IT HASN'T quite been a perfect knockout year for Nambucca's Mitchell Whitelaw - but if you asked him 12 months ago if he'd be happy to finish 2019 as the No.3 ranked light heavyweight professional boxer in Australia, he would have grabbed it with his two large hands.
The 24-year-old's record now stands at five wins, as many losses and two draws - but the quality of the opposition he has faced in the ring has seen him steadily climb the rankings.
And the 'White Lion' has become something of a rock star in the process - with his bouts being shown on large tv networks, and being near mobbed by punters after his most recent fight in Brisbane for 'selfies' and autographs.
The final two battles of the year were telling.
At Margaret Court Arena in Melbourne, he traded thunderstrikes with Tej Pratap Singh, the current Australian middle weight champion who has had 23 fights as a pro and is ranked 63 on the planet.
The entertaining bout was adjudged a draw and was broadcast by the giant Main Event ESPN channel.
"Mitchell fought brilliantly on the night and we thought we might have just got that decision," trainer Ian 'Sparra' Stapleton told the Guardian.
"The preparation for that was terrible too. Our plane was delayed at Coffs Harbour because of the bushfire smoke, then it blew a tyre in Sydney. We didn't get in to the motel in Melbourne until 11.30pm with all of the delays."
Mitchell's final outing for the year came shortly after when he fought on the Anthony Mundine-John Wayne Parr undercard at the Brisbane Convention Centre at Southbank.
There he faced the formidable Leti Leti, whose record stood at 14-1, including 12 victories by knockout.
Broadcast by Epic Centre TV, the decision controversially went to Leti Leti, who repeatedly lost his mouth guard during the stoush.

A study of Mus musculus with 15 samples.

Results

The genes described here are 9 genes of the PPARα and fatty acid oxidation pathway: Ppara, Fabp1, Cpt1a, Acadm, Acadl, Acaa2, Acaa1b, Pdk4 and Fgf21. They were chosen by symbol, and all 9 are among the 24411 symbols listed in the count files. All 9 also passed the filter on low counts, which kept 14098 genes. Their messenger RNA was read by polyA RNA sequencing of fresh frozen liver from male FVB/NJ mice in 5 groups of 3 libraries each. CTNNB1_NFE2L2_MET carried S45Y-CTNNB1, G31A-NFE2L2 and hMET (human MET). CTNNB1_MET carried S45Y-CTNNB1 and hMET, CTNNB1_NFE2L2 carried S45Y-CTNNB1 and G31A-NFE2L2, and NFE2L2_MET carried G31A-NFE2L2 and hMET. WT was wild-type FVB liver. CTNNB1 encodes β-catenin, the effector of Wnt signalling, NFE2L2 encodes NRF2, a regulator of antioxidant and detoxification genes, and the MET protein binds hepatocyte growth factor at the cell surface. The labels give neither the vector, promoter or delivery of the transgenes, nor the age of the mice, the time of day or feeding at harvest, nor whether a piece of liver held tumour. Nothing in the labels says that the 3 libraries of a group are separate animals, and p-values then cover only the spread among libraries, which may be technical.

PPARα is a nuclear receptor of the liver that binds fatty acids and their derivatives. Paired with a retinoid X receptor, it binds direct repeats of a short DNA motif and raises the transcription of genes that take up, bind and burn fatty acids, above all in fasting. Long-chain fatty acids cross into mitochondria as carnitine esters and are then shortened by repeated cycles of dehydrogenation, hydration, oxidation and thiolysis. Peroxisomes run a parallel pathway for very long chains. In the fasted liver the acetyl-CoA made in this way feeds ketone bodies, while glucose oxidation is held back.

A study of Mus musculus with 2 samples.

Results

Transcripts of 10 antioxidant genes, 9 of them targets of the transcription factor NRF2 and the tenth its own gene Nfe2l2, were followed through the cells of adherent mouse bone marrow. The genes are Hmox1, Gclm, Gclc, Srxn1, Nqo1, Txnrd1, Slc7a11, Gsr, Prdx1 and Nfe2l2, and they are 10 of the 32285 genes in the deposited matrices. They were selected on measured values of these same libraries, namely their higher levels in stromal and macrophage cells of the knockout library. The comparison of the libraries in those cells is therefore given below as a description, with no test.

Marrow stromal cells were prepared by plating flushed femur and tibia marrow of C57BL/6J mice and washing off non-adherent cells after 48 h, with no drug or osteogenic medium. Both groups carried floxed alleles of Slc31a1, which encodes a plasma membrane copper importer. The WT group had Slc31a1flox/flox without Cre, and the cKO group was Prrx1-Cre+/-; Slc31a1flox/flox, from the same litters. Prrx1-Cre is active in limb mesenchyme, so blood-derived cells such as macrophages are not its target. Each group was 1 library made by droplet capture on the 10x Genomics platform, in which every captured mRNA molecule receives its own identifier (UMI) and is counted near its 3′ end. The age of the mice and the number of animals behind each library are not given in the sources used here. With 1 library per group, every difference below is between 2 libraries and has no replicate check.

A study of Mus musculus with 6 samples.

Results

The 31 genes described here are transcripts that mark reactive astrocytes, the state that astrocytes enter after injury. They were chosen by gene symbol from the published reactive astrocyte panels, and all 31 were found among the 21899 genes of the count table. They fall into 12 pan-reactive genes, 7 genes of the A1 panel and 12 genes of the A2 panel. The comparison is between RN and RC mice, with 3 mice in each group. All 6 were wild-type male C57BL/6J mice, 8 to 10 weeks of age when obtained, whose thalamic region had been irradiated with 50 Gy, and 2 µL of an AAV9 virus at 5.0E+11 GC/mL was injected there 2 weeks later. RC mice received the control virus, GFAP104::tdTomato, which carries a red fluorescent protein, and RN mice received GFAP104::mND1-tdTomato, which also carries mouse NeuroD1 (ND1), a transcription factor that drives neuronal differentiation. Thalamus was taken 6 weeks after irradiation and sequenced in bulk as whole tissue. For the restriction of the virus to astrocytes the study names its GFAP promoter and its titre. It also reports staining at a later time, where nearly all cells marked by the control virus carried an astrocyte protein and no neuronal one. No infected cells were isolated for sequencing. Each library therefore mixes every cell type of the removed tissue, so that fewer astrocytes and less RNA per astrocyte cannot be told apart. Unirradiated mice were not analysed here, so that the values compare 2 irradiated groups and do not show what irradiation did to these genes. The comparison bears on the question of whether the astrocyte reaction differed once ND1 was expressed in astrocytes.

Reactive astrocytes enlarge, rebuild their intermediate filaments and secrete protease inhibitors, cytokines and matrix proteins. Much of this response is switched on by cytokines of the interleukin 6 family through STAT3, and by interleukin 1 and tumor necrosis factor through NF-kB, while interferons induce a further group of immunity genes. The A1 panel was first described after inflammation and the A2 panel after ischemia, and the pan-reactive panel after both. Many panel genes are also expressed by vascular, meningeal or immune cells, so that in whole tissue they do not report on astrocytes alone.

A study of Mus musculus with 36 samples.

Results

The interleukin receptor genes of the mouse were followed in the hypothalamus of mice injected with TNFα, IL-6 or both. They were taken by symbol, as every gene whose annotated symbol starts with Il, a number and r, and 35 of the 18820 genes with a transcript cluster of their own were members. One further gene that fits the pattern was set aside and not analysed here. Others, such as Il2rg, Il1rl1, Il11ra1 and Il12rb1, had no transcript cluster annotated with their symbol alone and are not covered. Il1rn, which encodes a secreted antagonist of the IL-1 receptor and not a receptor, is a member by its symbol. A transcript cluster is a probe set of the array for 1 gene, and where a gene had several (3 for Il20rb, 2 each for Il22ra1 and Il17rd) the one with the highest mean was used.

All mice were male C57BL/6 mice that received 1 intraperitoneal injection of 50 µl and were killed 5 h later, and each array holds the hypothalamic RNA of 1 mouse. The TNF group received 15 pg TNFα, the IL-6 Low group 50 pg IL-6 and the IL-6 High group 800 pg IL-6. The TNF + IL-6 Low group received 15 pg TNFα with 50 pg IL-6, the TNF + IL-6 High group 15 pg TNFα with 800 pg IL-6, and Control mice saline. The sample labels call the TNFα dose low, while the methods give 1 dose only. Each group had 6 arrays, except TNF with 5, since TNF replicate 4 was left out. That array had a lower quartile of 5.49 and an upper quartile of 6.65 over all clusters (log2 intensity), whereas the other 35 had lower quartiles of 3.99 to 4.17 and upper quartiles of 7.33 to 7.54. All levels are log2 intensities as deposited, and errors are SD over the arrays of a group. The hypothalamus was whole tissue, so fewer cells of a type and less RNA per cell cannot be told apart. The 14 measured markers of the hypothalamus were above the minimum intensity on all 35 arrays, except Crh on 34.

"He (Leti Leti) rattled Mitchell in the fifth but Mitchell won every other round," Sparra said.
"When Mitchell gave his interview after the fight the crowd gave him a standing ovation. Everyone in that stadium knew who had really won the fight.
"Before the Melbourne fight Mitchell was ranked something like 330th in the world and eighth or ninth in Australia and now he's up to 155th in the world and No.3 in Australia because of how he has gone against higher calibre fighters."
Mitchell marked his 2019 campaign hard.
"I was a little bit disappointed with some of the decisions which I thought might have gone my way, but it doesn't deter me or make me want to stop," the 24-year-old told the Guardian.
"I'm just a young man from the country and there's some who don't like that. They know I'm a threat.
"I've been happy with how I've performed against world ranked fighters and I haven't changed my motto of any time, anyone, anywhere."
Planning is already underway for Mitchell's 2020 campaign, with the chance of an engagement in China early in the New Year.
"Everyone knows he's a fighter on the up," Sparra said.